Frenchman Anthoine Hubert made history by becoming the first driver to win a round of the CIK-FIA Academy Trophy thanks to a double victory at Wackersdorf in Germany.

On what was a very important weekend for the CIK-FIA on many levels with the joint debut of the Academy trophy and the Under 18 World Championships, 32 drivers from 32 countries all on identical FIM powered Parolin chassis gathered for the first two rounds of the six round, three venue, Academy trophy.

What started as a very wet weekend at the 1222-metre circuit nestled in the South East corner of Germany turned into a dry and highly successful one for Hubert, who was never out of the top five throughout timed qualifying and the three heats and then led the majority of the two 17-lap finals that count towards the championship.


Estonian driver Hans Villemi, driving for the Finnish based JTL Racing operation, led the way in the sodden timed qualifying session by a massive three tenths of a second from Monaco's Charles Leclerc and Britain's Roy Johnson with Hubert fourth and Brazilian Felipe Fraga fifth.

However in the drier heat races Villemi wasn't quite as strong, finishing fourth in the opening nine-lap encounter behind Leclerc, Norwegian driver Oystein Helgheim and Hubert.

Leclerc then cost himself the win in heat two, jumping the start and earning himself a ten second penalty. The penalty dropped him from first, more than a full second ahead of Hubert, to ninth.

Hubert then added a second win to his collection in the final heat on Sunday morning just beating Villemi and Johnson while Leclerc jumped the start again to earn himself a three second penalty on this occasion, enough to drop him from a close fourth on the road to a distant 17th.

Two wins was more than enough to put Hubert on pole for the first final with points on offer to the top fifteen finishers. Villemi would start alongside him with Johnson and Finland's Niklas Tiihonen on row two and Leclerc a frustrated seventh.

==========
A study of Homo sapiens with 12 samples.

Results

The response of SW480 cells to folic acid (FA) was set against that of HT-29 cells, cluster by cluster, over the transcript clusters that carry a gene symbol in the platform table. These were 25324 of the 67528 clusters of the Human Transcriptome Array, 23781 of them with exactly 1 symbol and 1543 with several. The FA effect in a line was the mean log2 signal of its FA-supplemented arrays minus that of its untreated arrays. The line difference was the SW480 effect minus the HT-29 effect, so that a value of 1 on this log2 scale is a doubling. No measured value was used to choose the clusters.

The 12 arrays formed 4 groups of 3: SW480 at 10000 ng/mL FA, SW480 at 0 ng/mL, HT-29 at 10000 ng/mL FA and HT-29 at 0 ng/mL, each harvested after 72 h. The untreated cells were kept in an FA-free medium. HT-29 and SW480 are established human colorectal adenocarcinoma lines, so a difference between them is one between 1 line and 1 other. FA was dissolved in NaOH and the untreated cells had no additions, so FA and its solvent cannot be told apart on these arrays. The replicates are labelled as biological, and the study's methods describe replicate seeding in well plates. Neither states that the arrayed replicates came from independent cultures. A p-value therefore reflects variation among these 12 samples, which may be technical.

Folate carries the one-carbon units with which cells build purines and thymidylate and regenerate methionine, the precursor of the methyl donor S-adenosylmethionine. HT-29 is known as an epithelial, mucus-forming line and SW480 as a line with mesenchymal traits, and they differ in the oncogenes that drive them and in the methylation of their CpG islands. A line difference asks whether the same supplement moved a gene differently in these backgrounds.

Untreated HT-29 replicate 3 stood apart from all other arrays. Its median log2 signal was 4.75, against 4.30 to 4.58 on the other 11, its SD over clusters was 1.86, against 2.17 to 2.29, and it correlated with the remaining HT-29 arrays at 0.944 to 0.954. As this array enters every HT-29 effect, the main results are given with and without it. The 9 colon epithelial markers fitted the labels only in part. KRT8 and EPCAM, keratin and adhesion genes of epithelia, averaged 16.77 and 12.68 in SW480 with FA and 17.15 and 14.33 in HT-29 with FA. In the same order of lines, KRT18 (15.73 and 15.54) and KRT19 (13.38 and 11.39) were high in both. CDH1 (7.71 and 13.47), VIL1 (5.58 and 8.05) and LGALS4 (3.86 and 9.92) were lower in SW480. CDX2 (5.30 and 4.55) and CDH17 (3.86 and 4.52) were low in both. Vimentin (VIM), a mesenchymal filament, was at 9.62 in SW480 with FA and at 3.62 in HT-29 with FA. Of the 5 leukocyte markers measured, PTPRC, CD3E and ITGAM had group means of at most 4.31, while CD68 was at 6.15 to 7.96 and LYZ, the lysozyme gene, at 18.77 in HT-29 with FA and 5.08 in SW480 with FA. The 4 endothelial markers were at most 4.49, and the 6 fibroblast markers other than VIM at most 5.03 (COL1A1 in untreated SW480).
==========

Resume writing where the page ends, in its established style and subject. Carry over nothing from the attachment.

Despite his lowly grid slot Leclerc was in a fighting mood in the race itself and briefly grabbed the lead during a frantic mid-race exchange with early leader Hubert and a tenacious Villemi. But Hubert was able to re-establish himself in top spot on lap eleven and held off the Estonian driver by a mere one tenth of a second at the finish with Leclerc less than half a second down in third.

Johnson, Tiihonen and Luxembourg's Olivier Thill completed the top six with Macau's Chang Wing Chung the best placed non European in 16th.

With his final one victory giving him pole position for race two Hubert led the opening exchanges from Villemi and Leclerc with Tiihonen in fourth. As in race one Villemi managed to oust Hubert for first place but unlike race one the Estonian was able to keep his advantage for more than a few metres.

But Hubert was not to be denied the double and the Frenchman grabbed the lead back with just under four laps to go. Tiihonen was now third but the final laps boiled down to a head to head scrap between Hubert and Villemi with Hubert completing the double win by an almost identical margin to that which he won the first final.

Tiihonen remained in contention until the end and took third with Johnson a distant fourth and Dutchman Max Koebolt fifth. Leclerc suffered an alarming slide down the order in the closing stages and was only 14th.

Two wins meant Hubert claimed a maximum point haul to lead the series with 50 markers, ten ahead of Villemi and 23 ahead of Tiihonen. Johnson's pair of fourth place finishes leaves him fourth overall, one point behind Tiihonen with Koebolt next up and Leclerc sixth, already more than 30 points adrift.